It’s time we forced supermarkets to stop selling foreign food

From: David T Craggs, Tunstall, East Yorkshire.

I FOUND the wording of your recent editorial “High on the Hog” (Yorkshire Post, March 4) interesting. Although I did agree with the article’s general sentiments, one particular question dominated my mind – to whom, or what, do the supermarkets have a duty to act fairly? The farmer? The customer? The shareholder?

No doubt all of these, but perhaps I could suggest another – the country in which they are allowed to operate unhindered, and this should be to ensure the country’s food security, indeed to create in the interests of the country a climate where buying British is actively promoted even, dare I say, enforced wherever possible by the absence of imported food on their shelves unless, like oranges and bananas, they cannot be grown here.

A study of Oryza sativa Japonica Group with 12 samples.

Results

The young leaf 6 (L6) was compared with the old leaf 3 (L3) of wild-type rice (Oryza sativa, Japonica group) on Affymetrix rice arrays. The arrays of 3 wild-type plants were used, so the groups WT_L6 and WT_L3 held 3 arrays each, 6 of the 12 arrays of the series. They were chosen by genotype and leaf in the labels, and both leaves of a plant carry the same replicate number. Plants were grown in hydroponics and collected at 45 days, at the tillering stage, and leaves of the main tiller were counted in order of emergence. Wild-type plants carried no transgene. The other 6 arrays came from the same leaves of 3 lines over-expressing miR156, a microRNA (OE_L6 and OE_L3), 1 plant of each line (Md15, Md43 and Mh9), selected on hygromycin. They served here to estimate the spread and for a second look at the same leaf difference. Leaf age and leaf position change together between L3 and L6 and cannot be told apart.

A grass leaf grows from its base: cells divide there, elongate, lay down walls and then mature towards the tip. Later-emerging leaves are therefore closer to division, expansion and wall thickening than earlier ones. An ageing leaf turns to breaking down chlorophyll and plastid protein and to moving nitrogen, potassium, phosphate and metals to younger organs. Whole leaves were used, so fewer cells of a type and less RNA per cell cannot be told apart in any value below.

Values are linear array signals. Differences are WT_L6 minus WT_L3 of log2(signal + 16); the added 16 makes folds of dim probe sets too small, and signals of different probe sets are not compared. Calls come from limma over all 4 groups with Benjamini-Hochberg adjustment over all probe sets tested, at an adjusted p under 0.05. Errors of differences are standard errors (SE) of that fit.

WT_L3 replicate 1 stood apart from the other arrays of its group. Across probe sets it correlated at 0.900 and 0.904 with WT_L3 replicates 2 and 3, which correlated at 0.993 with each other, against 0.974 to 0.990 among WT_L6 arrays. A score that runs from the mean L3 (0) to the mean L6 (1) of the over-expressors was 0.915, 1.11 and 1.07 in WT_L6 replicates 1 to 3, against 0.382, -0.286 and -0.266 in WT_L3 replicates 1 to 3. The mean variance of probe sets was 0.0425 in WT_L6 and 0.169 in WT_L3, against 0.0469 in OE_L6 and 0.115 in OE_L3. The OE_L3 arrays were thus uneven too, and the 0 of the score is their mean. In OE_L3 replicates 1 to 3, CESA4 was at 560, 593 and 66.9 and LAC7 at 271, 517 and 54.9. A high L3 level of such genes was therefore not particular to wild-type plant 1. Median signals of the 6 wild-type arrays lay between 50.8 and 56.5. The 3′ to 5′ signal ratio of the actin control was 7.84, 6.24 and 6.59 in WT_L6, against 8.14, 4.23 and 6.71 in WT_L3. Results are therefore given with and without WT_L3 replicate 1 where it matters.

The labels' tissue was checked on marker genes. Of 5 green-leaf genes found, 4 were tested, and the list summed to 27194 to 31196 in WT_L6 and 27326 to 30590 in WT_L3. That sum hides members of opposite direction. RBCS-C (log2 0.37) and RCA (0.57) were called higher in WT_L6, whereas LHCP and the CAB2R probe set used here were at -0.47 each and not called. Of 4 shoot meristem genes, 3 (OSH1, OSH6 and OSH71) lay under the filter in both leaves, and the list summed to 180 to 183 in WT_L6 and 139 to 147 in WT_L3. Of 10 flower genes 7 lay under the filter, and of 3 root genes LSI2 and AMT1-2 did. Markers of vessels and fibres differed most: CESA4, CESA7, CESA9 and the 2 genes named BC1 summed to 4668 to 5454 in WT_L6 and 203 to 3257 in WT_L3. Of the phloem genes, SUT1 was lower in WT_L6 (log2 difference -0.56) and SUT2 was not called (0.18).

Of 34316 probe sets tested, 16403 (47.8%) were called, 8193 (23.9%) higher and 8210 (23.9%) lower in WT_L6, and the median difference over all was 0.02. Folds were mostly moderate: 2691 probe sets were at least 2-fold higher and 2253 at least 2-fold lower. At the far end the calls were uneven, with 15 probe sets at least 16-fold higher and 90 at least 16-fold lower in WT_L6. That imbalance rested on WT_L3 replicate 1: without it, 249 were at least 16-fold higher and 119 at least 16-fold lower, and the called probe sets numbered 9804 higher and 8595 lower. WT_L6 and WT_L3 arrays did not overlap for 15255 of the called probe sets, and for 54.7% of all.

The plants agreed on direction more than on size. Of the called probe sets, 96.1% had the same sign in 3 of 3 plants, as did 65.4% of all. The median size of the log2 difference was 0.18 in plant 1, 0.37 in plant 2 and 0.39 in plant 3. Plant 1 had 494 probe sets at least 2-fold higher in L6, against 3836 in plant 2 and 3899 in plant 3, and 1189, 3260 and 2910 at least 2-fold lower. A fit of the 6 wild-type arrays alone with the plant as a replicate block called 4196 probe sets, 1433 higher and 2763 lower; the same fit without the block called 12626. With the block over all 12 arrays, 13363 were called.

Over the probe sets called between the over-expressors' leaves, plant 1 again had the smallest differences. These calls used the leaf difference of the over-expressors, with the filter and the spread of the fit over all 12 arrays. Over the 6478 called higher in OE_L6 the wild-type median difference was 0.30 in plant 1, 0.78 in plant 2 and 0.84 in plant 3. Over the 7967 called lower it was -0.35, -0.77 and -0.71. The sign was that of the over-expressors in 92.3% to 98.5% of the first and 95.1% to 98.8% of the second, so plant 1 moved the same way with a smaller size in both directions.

It’s happened before and to our considerable cost, and as fuel prices continue to rise, as they will do, food brought in by air, which I believe is now considerable, will continue to rise in price. How much longer can this practice continue? And when the price becomes prohibitive or the fuel is no longer available, what then?

The supermarkets are now too big to be dictated to by the Government, even if the will was there to do so, which it isn’t, they are in an unbelievably powerful position to dictate policy themselves.

Customers could, of course, take the initiative and insist on only buying British products wherever possible – meat, milk, fruit and vegetables immediately spring to mind. But UK citizens have a poor record when it comes to showing home-grown loyalty, preferring to buy a tasteless French golden delicious in preference to a far superior English cox that happens to cost a few pence more, or tasteless Dutch tomatoes in preference to some slightly more expensive but of superior quality; that have grown just down the road. Spanish strawberries are even worse, but still sell well.

In the interests of the country’s food security, we are all in need of a little education, and since Government is not prepared to take on this role, the supermarkets have a duty to do so.